Russian MPs on Tuesday approved amendments to legislation to oblige foreign media outlets to register as "foreign agents", a measure they previously applied to NGOs. Meanwhile, in a report published on Tuesday, a report to the US Congress suggested that Chinese journalists working on US soil be registered as foreign agents as well.


The foreign agent issue reflects the growing tension between the US and Russia and could also damage Washington's relations with Beijing.

Rights campaigners are angry about the Russian decision, too.

“Our first reaction is indignation, as we condemn this move in the strongest terms,” says Alexander Artemyev, of Amnesty International’s Moscow office.

“We do consider it discriminatory, we consider it an attack on the free media, and an attack on the freedom of expression. And its consequences can be harmful both for the media in Russia and for Russian society.”

Russia could not afford to be living in a world where it is being demonized and not react to it
"Foreign Agent" law hits US Russia ties 15/11/2017 Listen

But, in fact, the first country to ever implement a Foreign Agent Registration Act (FARA) was the US.

That was passed in 1938 to counter Nazi propaganda on the eve of World War II.

In 2012 the Kremlin adopted the idea, translating many of the articles in the US law and imposing them on NGOs in Russia that receive foreign funding.

Police later raided offices and the confiscation of documents from Amnesty International, Human Rights Watch and Russian organisations such as the Golos Association and Memorial.

Russia Today accused of Kremlin propaganda

But the US also uses the law in the amended form in which it survives to this day.

On 13 November it put the Russia Today (RT) TV station, which is accused of having close links to the Kremlin, on the list of media that must register as foreign agents.

US intelligence agencies said in a report in January that RT is “Russia’s state-run propaganda machine” and contributed to what they perceived as the Kremlin interference in last year’s presidential election. Russian analysts say that Moscow changing its law to apply to media organisations is a reaction to this.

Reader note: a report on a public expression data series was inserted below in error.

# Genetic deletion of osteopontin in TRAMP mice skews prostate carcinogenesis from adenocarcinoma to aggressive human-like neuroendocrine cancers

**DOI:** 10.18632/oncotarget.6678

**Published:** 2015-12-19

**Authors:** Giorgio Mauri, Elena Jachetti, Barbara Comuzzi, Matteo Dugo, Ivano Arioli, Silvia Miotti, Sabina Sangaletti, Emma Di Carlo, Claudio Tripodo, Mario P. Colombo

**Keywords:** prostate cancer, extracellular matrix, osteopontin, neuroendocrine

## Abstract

“Russia could not afford to be living in a world where it is being demonised and not react to it,” says Dmitry Babich who works for Rossiya Sevodnya, the Russian news agency created by Russian President Vladimir Putin in 2014, which incorporates the Ria Novosti news agency and the multimedia platform Sputnik.

“It was not Russia that started this descent into demonisation, into paranoia," Babich commented. "The American media have been talking about Russian meddling in the elections for more than a year now.

“What we are seeing now is a very dangerous process in the US, it is a destruction of institutions. And the problem is that the Americans are not discussing the destruction of their institutions, they are discussing the Russians and their activities,."

Chinese journalists under US spotlight

On 14 November the US's China Economic and Security Review Commission said in a report to the Congress that the number of Chinese media correspondents in the US is growing fast.

It singled out the official Xinhua News Agency and accused Chinese journalists of gathering information to produce classified reports at home.

But, say analysts, this is a miscalculation by US President Donald Trump.

“Many of the Xinhua [New China News] Agency journalists do report to the [Chinese Ministry of] State Security, says Sinologist Jean-Philippe Béja, of the France's National Centre for Scientific Research.

“But to say that all the Chinese journalists are agents is just another provocation by Trump.

"Putin is the one who required foreign NGOs to register as foreign agents and I guess Mr Trump is imitating his mentor, Vladimir Putin."

Chinese work for state organisations, Béja says, but that does not make them all agents.

"There are agents among Chinese journalists. As I guess there are agents amongst any journalists in the world."

But Beijing may react in kind.

"What will very possibly be the result is that foreign journalists who are already considered as foreign agents by the Chinese authorities, will be also labelled 'foreign agents',” Béja points out. And that would result in even more surveillance of China-based foreign correspondents than is currently the case.